Flow of vehicles into Aspen dropping | AspenTimes.com

Flow of vehicles into Aspen dropping

Traffic into Aspen is less than even during the depths of the pandemic.
Kelsey Brunner

Fewer and fewer cars are driving into Aspen, believe it or not.

The city confirmed that the overall vehicle count monitored on Castle Creek Bridge was lower on average in 2022 than prior years.

The city counted 18,703 average daily vehicle trips traveling across the bridge in 2022. In 2021, that count was 20,922.

Even 2020, the core pandemic year, didn’t slow the vehicular flow into Aspen. The city recorded 18,929 average daily vehicle trips crossing Castle Creek Bridge, surpassing the 2022 numbers.

The 2019 numbers, often used as a litmus point for pre-pandemic trends, recorded 21,105 average daily vehicle trips across the bridge. The year before, 2018, reflected a considerable dip in vehicle traffic to a low 19,577 average daily vehicle trips.

The prior year, 2017, had nearly 3,000 more daily vehicle trips than 2018.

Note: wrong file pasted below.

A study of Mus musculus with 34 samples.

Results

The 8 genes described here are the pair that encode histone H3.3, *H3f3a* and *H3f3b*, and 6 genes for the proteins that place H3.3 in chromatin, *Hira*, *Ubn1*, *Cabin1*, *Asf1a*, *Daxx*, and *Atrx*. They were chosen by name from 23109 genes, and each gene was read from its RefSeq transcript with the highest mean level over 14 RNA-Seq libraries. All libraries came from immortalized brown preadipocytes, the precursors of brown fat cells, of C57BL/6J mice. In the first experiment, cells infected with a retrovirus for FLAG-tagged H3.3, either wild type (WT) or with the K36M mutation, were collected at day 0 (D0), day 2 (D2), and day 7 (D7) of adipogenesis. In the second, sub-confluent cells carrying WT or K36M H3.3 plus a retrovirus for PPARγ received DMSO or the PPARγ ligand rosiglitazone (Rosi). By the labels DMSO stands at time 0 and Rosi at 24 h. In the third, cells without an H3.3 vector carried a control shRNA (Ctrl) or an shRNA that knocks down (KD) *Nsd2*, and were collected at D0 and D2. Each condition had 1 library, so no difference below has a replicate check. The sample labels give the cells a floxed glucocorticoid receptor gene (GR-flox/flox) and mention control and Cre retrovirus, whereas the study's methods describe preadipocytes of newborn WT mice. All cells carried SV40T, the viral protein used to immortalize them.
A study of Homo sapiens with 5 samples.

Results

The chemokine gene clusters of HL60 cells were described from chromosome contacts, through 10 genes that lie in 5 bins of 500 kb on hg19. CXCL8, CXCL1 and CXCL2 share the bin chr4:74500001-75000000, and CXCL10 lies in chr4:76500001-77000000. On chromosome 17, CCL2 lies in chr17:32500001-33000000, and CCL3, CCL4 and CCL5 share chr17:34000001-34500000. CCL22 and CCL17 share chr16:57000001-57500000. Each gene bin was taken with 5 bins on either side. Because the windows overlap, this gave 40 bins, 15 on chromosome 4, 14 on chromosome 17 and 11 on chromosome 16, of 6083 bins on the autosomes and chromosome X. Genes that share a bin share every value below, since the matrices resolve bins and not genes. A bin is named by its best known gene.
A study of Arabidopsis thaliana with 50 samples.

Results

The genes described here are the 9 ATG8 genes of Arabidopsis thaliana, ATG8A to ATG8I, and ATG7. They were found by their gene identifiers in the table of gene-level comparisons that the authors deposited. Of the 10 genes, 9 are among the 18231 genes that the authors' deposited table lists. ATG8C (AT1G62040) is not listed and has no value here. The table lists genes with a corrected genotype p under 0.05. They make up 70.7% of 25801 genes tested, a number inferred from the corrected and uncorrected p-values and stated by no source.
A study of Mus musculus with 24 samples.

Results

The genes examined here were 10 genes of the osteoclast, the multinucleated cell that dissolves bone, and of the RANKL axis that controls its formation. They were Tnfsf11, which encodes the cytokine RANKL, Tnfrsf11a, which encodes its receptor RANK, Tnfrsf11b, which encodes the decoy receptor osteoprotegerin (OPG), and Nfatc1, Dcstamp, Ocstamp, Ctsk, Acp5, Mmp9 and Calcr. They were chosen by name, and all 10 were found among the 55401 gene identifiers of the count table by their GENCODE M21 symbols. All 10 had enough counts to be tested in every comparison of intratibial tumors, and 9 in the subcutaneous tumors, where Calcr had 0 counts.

These numbers are drastically reduced from the first year the city started tracking vehicles over the Castle Creek Bridge. In 1993, 23,675 daily vehicle trips crossed the bridge.

“It’s important to remember that the Aspen community decided in 1994 to maintain a single-vehicle traffic count crossing the bridge,” said Pete Rice, deputy city engineer. “The 1993-94 levels became the governing standards through the record of decision. One way to look at lower vehicle trips is that we are meeting, even exceeding, the goals.”

He said a number of factors can cause fluctuation in vehicle trips into Aspen.

“Since 1993, we’ve built up a number of successful transit and mobility alternatives that do not rely on using a single vehicle,” Rice said.

Over the course of the 30-year study, April, October, and November reflect the lowest monthly number of cars traveling into the city.

Speculation abounds about why the traffic numbers are dropping. This could be attributed to more remote workers in a post-pandemic era. This could also be a result of increased public transportation (RFTA) and the carpool system allowing carpools to stop at Brush Creek Park and Ride between 6 a.m. and 11 a.m. to receive free daily residential parking for carrying more than one person.

“Vehicle trips have dipped, but various factors can impact vehicle trip numbers, like people working from home more, construction detours, or commuters getting back onto transit after the pandemic,” said Rice.